Sir John Hegarty: Creativity is oxygen for business growth. So why are we holding our breath?
Sir John Hegarty applauds attempts to upskill staff but wonders why creativity is so far down the educational pecking order these days.
Seismic shifts in culture are easier to spot when they get an acronym. A new one that’s been doing the rounds lately is about our prospects at work. ‘FOBO’ stands for the Fear of Being Obsolete, and it’s becoming a more significant concern for college-educated workers in the US, per Gallup. Anecdotally, FOBO appears to be everywhere. The sudden emergence of generative AI has many – from copywriters to coders – questioning whether they’ll have the skills to pay the bills for much longer.
It’s little wonder that the business world is so lit up about learning. Employee education schemes are on the rise, and it’s become seemly for corporations to tout their own upskilling efforts. PR notwithstanding, a competence boost is good for everyone. Investing in people improves company culture, keeps staff interested, and makes them more likely to stick around. It makes businesses work better, too. According to Deloitte, organizations with a strong learning culture are 92% more likely to develop novel products and processes.
All this self-improvement might help us feel like we’ve increased our lead on the bots. But there’s a blind spot. Companies prioritize skills like management, corporate strategy, and finance. But what about teaching teams about how to turn ideas into revenue? Or how to learn from art to make better campaigns?
The missing component in this mass re-education is creativity. Ignoring it is costing businesses.
Creativity’s absence in training (and in companies generally) should concern leaders more than it currently does. Businesses that don’t prioritize creativity are vanishing with alarming speed; those that do, flourish. Greg Hoffman, former chief marketing officer at Nike, attributes much of the sportswear giant’s success to its creative culture. He also reckons brands ought to be more worried when they notice a dearth of fresh ideas. “The absence of creativity is the downfall of countless companies every year,” he says. “Its absence leads to tired ideas, predictable branding, bored customers.”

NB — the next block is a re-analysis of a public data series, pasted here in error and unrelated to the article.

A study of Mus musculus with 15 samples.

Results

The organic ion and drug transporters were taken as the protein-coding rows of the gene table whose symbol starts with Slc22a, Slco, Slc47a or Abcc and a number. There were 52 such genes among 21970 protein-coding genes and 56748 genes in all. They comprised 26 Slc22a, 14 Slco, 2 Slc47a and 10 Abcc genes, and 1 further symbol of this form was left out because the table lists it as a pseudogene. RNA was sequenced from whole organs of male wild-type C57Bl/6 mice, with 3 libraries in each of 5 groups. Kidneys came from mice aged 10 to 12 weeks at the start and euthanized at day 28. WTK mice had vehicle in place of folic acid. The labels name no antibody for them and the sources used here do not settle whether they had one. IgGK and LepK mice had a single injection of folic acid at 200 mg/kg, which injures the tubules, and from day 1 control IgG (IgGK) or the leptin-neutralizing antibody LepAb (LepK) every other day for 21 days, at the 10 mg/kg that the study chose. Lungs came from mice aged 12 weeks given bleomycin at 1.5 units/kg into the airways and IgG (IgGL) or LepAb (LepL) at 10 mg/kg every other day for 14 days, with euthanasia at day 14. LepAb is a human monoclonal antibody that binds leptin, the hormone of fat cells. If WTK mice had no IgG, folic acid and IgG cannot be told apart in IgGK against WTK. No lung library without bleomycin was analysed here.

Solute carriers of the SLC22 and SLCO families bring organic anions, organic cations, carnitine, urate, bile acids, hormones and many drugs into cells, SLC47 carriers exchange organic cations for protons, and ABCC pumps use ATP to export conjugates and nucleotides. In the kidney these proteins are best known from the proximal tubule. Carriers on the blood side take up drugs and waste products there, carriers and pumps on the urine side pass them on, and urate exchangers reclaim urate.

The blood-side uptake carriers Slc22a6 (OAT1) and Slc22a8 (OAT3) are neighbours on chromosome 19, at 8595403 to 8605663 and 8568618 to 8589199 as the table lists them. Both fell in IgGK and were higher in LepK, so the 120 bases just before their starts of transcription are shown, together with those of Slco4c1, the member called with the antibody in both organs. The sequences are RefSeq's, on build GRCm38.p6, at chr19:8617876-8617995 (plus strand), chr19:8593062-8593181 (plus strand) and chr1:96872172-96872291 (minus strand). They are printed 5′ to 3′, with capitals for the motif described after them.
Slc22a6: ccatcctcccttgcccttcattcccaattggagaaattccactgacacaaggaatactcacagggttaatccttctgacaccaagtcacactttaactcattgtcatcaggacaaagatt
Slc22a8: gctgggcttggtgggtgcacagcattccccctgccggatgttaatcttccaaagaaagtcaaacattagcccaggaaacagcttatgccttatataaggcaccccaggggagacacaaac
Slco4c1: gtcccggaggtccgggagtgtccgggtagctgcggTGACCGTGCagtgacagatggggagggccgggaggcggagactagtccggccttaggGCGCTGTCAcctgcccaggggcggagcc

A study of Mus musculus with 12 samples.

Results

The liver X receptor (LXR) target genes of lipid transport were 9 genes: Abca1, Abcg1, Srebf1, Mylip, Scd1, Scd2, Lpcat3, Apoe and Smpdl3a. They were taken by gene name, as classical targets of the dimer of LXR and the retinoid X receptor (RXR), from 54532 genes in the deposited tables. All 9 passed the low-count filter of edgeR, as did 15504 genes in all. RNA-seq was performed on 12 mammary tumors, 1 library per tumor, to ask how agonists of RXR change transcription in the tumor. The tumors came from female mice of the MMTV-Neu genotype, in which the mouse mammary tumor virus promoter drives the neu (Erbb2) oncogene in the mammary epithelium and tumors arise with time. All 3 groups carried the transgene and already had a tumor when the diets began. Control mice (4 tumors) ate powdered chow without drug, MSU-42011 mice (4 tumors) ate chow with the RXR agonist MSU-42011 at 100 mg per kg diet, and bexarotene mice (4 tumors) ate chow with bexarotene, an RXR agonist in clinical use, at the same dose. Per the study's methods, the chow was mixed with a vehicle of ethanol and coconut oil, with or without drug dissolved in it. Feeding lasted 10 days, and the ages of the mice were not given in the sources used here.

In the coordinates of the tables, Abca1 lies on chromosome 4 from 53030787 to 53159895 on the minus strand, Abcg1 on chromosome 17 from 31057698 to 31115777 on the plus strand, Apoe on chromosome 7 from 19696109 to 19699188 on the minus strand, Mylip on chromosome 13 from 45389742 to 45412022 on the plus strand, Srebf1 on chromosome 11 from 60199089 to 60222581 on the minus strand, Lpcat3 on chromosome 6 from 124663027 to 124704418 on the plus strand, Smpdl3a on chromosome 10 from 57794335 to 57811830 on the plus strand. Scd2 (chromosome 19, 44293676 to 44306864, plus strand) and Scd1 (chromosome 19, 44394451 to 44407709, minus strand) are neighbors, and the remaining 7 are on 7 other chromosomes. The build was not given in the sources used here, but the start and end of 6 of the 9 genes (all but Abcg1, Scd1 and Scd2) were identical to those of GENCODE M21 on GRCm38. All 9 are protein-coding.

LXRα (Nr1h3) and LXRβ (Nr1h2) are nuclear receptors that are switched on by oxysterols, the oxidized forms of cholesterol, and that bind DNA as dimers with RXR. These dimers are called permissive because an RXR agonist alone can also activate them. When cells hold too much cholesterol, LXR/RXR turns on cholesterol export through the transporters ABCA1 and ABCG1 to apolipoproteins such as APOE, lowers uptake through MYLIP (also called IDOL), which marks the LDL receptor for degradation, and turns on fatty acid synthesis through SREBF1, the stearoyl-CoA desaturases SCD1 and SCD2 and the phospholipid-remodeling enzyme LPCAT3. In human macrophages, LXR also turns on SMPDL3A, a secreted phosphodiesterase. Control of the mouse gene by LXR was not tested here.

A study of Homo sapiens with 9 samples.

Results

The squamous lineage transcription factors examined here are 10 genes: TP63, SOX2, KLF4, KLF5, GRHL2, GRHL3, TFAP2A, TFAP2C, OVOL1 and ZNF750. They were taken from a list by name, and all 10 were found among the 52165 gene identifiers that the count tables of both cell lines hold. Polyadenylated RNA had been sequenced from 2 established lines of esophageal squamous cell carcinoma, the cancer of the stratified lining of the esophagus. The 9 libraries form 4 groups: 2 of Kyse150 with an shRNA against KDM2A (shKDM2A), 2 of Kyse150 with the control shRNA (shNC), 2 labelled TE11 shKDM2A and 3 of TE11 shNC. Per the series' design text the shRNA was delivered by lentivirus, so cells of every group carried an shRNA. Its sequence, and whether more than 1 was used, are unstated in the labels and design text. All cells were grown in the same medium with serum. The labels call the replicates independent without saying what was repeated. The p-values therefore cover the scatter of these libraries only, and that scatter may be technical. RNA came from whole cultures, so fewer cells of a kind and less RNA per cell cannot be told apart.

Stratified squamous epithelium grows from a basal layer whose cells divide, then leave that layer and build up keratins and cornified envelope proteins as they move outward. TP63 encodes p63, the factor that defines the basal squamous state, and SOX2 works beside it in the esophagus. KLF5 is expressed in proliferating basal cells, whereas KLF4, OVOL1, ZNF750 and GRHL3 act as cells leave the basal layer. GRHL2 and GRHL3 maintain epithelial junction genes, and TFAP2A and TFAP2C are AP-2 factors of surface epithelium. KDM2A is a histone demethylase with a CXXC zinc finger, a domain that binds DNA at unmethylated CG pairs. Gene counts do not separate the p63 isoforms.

Don’t believe him? Look at how the list of the world’s top ten most valuable companies has changed in the last decade. In 2012, the line-up consisted of names like Shell, IBM, Chevron and ExxonMobil. By last year, these brands had been replaced by the likes of Tesla, Tencent, Alphabet and Amazon. Only Apple and Microsoft – both consistent innovators – have managed to stay in this rarefied company long-term.
Everyone has it
As I said in the headline, creativity is oxygen for business growth. So why are we holding our breath? The answer to this lies in how we think about and understand it. For instance, a large proportion of organizations still build a wall around creativity, with the assumption that there are haves and have-nots. Companies feature creative departments that house people thought to operate on some alternate plane to everyone else (“Oh well, you’re creative, aren’t you?”).
This sort of thinking, where creativity is the remit of a chosen few, prevents organizations from using it more widely. In truth, all humans are creative. Creativity is a fundamental expression of self. Meanwhile, the nuance to grasp is this: creativity is a skill, not a characteristic. And skills (unlike characteristics) can be developed, honed, and applied in new situations.
They can be taught too.
This year, companies will continue to throw weight behind generative AI and the technologies that help businesses do things faster and with fewer humans involved. With most of the market preoccupied with things like data, automation and stalking customers, the smartest move is to develop the business advantage that’s already sat in your building. Cultivating creativity is the most effective way to make enduring brands. It might help us fight the onset of FOBO, too.